The force of gravity exists where there is mass. It is not a very strong force, which may surprise you ... until you consider that it takes the entire mass of the Earth to hold you to its surface, but you can break contact easily by jumping.
Smaller masses cause less gravity. If you were standing on the surface of the moon, you would experience a force of gravity only one sixth of what it is on Earth. You would weigh only a sixth of your Earth-normal weight.
If you were standing on tiny Eros, which is an asteroid a mere 34 kilometres long, the force of gravity would only be one thousandth of Earth's gravity ... you would easily be able to jump into space. But this gravity is still enough to make you feel 'down' when standing on it, and to make rocks on the surface roll downhill.
Strange effects like this can even be observed on Earth. We usually consider Earth to be a perfect sphere, but it isn't, really. It's slightly wider at the equator, and its surface is covered with mountains and valleys. (It very nearly is a perfect circle anyway ... draw a large circle on a piece of paper and the real bumpy surface of the Earth will be hidden within the thickness of your pencil line).
Every bump that is a mountain has mass. Moreover, every large mineral deposit under the surface has more mass than if it were just rock. All of these masses also cause a force of gravity.
The result is that when you are standing near a mountain, or an underground mineral deposit, the force of gravity from these large masses adds its pull to the Earth's, causing the net force to be slightly at an angle to 'down'. Or to say it differently, 'down' is now slightly off vertical! Objects don't fall exactly towards the centre of the Earth, but at a slight angle to the vertical, as they are pulled sideways.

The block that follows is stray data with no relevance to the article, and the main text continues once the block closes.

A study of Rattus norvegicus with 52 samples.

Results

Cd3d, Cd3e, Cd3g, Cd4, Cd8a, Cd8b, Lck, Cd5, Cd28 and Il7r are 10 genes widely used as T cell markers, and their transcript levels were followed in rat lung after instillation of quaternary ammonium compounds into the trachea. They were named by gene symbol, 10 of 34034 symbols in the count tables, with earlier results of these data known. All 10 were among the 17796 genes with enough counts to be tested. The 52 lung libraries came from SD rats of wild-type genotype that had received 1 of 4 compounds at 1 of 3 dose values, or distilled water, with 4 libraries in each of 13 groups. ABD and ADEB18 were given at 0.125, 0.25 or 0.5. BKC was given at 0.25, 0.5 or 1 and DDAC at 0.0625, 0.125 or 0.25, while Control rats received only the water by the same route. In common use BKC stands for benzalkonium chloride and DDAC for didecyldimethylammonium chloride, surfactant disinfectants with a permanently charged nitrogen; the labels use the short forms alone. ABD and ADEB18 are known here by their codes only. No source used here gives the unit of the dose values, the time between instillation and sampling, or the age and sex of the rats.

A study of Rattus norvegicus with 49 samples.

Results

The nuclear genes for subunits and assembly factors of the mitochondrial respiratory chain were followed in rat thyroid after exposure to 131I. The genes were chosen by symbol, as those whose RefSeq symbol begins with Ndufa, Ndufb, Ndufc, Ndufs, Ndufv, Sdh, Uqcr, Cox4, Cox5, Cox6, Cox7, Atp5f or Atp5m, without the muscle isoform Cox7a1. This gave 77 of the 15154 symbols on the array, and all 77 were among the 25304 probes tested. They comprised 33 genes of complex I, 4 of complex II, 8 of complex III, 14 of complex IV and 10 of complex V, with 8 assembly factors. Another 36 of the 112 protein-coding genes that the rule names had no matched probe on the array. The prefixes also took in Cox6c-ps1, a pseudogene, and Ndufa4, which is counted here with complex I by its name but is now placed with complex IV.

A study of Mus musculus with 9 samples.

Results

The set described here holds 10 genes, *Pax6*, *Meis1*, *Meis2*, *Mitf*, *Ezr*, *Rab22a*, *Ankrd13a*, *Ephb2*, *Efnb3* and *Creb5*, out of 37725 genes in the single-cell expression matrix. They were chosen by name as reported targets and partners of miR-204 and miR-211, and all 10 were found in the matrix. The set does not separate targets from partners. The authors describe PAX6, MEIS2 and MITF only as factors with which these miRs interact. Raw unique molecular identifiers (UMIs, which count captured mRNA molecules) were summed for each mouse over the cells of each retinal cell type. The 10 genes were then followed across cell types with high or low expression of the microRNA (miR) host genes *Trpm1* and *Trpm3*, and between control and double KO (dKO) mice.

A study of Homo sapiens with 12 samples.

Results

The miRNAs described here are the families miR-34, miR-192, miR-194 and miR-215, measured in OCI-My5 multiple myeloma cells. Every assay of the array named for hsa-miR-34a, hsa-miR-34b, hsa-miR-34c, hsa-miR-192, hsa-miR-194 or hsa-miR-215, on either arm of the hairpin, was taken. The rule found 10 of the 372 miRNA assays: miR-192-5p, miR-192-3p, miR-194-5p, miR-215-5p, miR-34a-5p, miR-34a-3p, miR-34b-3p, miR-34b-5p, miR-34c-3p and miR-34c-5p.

Mountains and mineral deposits are smaller even than Eros, and so their force of gravity is very tiny compared to the gravity of Earth. Consequently the angle at which you stand, and at which things fall, when you're near a mountain or mineral deposit, is too tiny for you to notice.
But this angle is detectable by sensitive instruments. Mineral deposits actually can and have been discovered by looking for variations in the force of gravity from place to place.
In the late 1960's, the first satellites to orbit the moon in preparation for manned landings always seemed to veer off their predicted course ... until scientists realized that mineral deposits under the surface of the moon were causing fluctuations in gravity from place to place, and resulting in unpredicted changes to the satellites' orbits. These 'mascons', or mass concentrations, under the surface of the moon, were later mapped by using the changes in the satellites' orbits.
Things get even more interesting when we simulate gravity by rotating a space station. Centripetal force caused this way imitates gravitational force. On the inside, the rotation causes a person to move outwards, and the floor provides the equal and opposite force. This makes 'down' perpendicular to the floor, wherever you are on the inner floor. A large enough cylinder constructed this way and caused to spin could allow everyone inside to experience simulated gravity, rather than the usual weightlessness of space. People living and working on the inner side will look up and see others above them, upside down, walking around and working comfortably.
In this situation, 'down' is always 'outwards towards your feet'.